Emily Knight, M.D., Ph.D., is an assistant professor of Neuroscience and Pediatrics at the University of Rochester Medical Center. She received her B.S. in neuroscience at Bucknell University and completed her M.D./Ph.D. training at Mayo Clinic in Rochester, Minnesota. She went on to New York Presbyterian Weill Cornell campus for her general pediatrics residency. In 2018, she came to URMC as a fellow in Developmental Behavioral Pediatrics with a combined postdoctoral research fellowship in Neuroscience. Her research aims to understand neural mechanisms of sensory perception in individuals on the autism spectrum.
Can you summarize your research?
Using tools like electrophysiology (EEG) and neuroimaging, while incorporating some newer technologies like virtual reality we’re interested in identifying specific autism-related differences in the neural processing of visual, auditory, and other types of sensory stimuli in the brain. What is especially important to me is that we are looking at these questions through a translational lens. We are trying to understand how these mechanistic differences in sensory processing relate to real-world development and experiences for people on the autism spectrum. As we are building that knowledge base, we can then use it to help us refine diagnostic and intervention strategies that would be more directly linked to the underlying mechanisms and that would actually transform how we approach autism. That’s the future goal.
How did you become interested in this field?
I have always been interested in the brain. I think we can all probably relate to the experience of being tricked by a visual illusion, and mis-hearing lyrics or what someone said in a noisy party environment. It is those types of experiences that have always led me to wonder what is happening in the brain as it takes in the world around us. I became focused on autism during my undergraduate career. I was studying Neuroscience and was working as a summer teacher aid for students on the autism spectrum. It was very fun and rewarding, and it was also immediately clear to me that these students were processing and responding to things in the environment in a way that seemed different than their neurotypical peers in the classroom. When I delved into the neuroscience literature for an explanation, I realized there was a need for more research in this area, and that I could potentially contribute to that.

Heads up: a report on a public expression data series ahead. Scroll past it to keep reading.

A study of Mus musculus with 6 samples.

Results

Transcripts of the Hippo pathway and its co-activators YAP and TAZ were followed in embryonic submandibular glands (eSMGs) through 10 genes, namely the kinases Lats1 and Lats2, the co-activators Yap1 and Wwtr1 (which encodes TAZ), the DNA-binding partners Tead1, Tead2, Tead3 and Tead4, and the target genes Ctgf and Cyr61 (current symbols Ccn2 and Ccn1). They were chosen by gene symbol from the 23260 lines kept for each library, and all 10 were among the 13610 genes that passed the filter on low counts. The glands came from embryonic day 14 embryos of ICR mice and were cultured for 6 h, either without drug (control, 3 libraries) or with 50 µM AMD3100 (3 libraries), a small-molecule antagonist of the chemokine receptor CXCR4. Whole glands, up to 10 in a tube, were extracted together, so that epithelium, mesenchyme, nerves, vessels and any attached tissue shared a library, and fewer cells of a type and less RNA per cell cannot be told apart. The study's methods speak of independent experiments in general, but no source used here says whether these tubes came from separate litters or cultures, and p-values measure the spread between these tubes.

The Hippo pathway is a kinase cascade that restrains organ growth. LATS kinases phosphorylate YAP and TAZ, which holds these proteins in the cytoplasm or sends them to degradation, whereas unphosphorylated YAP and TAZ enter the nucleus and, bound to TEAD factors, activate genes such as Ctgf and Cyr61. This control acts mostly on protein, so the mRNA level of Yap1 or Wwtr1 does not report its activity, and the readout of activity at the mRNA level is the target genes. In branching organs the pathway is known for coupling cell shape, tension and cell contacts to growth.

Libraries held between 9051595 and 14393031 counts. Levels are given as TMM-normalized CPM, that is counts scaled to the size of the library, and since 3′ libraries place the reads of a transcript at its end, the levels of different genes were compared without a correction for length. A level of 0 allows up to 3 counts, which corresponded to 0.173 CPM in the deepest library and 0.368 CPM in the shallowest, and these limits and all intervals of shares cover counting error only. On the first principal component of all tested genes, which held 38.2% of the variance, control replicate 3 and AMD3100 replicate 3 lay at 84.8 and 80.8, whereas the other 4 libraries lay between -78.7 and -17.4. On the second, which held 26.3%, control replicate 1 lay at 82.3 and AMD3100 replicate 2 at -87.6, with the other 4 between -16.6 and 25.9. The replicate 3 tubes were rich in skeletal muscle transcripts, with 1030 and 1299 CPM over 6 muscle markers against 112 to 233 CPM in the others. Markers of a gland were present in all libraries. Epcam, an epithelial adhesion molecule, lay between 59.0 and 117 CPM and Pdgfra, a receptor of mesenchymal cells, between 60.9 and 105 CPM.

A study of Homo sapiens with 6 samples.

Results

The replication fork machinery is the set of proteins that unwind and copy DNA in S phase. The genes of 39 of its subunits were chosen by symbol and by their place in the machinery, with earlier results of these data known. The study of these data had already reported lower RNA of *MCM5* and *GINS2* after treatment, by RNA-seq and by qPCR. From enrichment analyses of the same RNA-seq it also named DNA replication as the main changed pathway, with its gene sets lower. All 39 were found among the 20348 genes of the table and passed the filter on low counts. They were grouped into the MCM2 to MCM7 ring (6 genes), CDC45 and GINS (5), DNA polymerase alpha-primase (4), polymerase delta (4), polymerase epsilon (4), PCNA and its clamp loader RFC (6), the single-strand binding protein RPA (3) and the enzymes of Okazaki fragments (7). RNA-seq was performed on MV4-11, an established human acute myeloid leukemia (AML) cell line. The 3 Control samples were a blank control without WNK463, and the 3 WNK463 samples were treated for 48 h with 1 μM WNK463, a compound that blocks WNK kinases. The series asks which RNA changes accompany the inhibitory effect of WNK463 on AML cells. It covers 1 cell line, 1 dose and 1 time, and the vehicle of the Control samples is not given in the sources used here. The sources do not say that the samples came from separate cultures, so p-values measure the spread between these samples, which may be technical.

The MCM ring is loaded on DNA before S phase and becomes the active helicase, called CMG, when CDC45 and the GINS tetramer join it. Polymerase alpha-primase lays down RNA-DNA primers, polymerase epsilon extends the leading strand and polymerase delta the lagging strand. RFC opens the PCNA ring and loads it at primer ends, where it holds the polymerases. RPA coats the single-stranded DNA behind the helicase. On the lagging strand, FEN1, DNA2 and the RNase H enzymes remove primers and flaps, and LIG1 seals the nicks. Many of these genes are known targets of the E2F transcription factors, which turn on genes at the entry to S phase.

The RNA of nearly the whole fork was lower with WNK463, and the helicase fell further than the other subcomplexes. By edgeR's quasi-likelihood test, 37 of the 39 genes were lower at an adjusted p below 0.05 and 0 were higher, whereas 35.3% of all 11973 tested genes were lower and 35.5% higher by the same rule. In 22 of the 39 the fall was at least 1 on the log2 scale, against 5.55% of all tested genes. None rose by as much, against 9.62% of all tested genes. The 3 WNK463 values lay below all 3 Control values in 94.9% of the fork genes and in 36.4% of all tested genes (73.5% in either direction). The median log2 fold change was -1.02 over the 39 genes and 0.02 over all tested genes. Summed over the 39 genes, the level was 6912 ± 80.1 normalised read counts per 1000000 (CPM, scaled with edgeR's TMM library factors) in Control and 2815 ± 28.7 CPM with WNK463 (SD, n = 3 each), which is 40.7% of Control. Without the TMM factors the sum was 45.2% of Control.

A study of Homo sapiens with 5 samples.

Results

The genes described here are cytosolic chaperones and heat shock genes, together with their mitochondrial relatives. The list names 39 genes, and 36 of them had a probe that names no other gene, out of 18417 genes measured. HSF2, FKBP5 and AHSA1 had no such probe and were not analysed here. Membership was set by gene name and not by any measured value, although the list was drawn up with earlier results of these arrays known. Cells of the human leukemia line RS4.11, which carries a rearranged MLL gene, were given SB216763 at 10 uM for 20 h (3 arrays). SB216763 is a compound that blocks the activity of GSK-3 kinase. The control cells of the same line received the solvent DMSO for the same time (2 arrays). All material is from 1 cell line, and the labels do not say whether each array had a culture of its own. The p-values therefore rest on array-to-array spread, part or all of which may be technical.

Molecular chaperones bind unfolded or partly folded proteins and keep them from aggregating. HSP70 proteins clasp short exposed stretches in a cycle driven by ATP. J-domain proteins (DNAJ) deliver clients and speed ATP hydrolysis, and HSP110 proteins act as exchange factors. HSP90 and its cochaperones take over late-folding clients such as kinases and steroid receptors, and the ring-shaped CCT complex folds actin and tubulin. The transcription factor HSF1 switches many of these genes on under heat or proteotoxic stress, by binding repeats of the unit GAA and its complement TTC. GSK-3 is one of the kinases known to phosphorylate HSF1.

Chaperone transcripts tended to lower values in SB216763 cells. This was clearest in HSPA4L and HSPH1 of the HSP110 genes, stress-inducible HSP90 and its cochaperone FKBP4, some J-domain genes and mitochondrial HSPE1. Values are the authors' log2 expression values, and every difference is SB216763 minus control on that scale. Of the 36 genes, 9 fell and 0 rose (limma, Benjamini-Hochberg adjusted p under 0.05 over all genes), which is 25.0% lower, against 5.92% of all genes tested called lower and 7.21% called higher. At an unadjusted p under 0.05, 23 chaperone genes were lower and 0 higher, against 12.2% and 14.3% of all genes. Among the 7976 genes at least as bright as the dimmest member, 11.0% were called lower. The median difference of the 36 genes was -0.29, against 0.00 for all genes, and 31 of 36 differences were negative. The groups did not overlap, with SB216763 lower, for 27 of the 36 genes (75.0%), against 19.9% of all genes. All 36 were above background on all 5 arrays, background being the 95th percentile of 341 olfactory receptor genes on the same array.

Why is it important to do research along with clinical work?
It is important to me to have a foot in both domains because I think it offers me a unique perspective. The studies that I have in the lab are directly inspired by observations in the clinic and questions that either the individuals on the autism spectrum or their families may ask. I can then bring them back to the lab and start to systematically dissect them using some of our neuroscience technology. Frequently, I have conversations with families where I will say, here’s what we know currently about the brain, but we are actively working on answering this question to develop new knowledge.
What led you to the University of Rochester?
I was drawn to the institutional tradition and commitment to advancing science in order to improve the health and lives of children in the community. That’s a challenging mission, and I am not alone at URMC. On a personal note, I grew up in the Rochester area so I’m able to give back to the community I was raised in, and that’s a big part of why I trained here and I am staying on as faculty.
Favorite piece of advice.
I take my inspiration from the children I see in the clinic, because children across the developmental spectrum are inherently curious, and not burdened by traditional expectations or viewpoints. Those are the same qualities you need to do good science. They have taught me that it is okay to challenge the status quo and that you need to maintain that sense of curiosity and wonder so that you can keep asking questions like, “why?” and “what if?” That’s how we can keep pushing boundaries forward.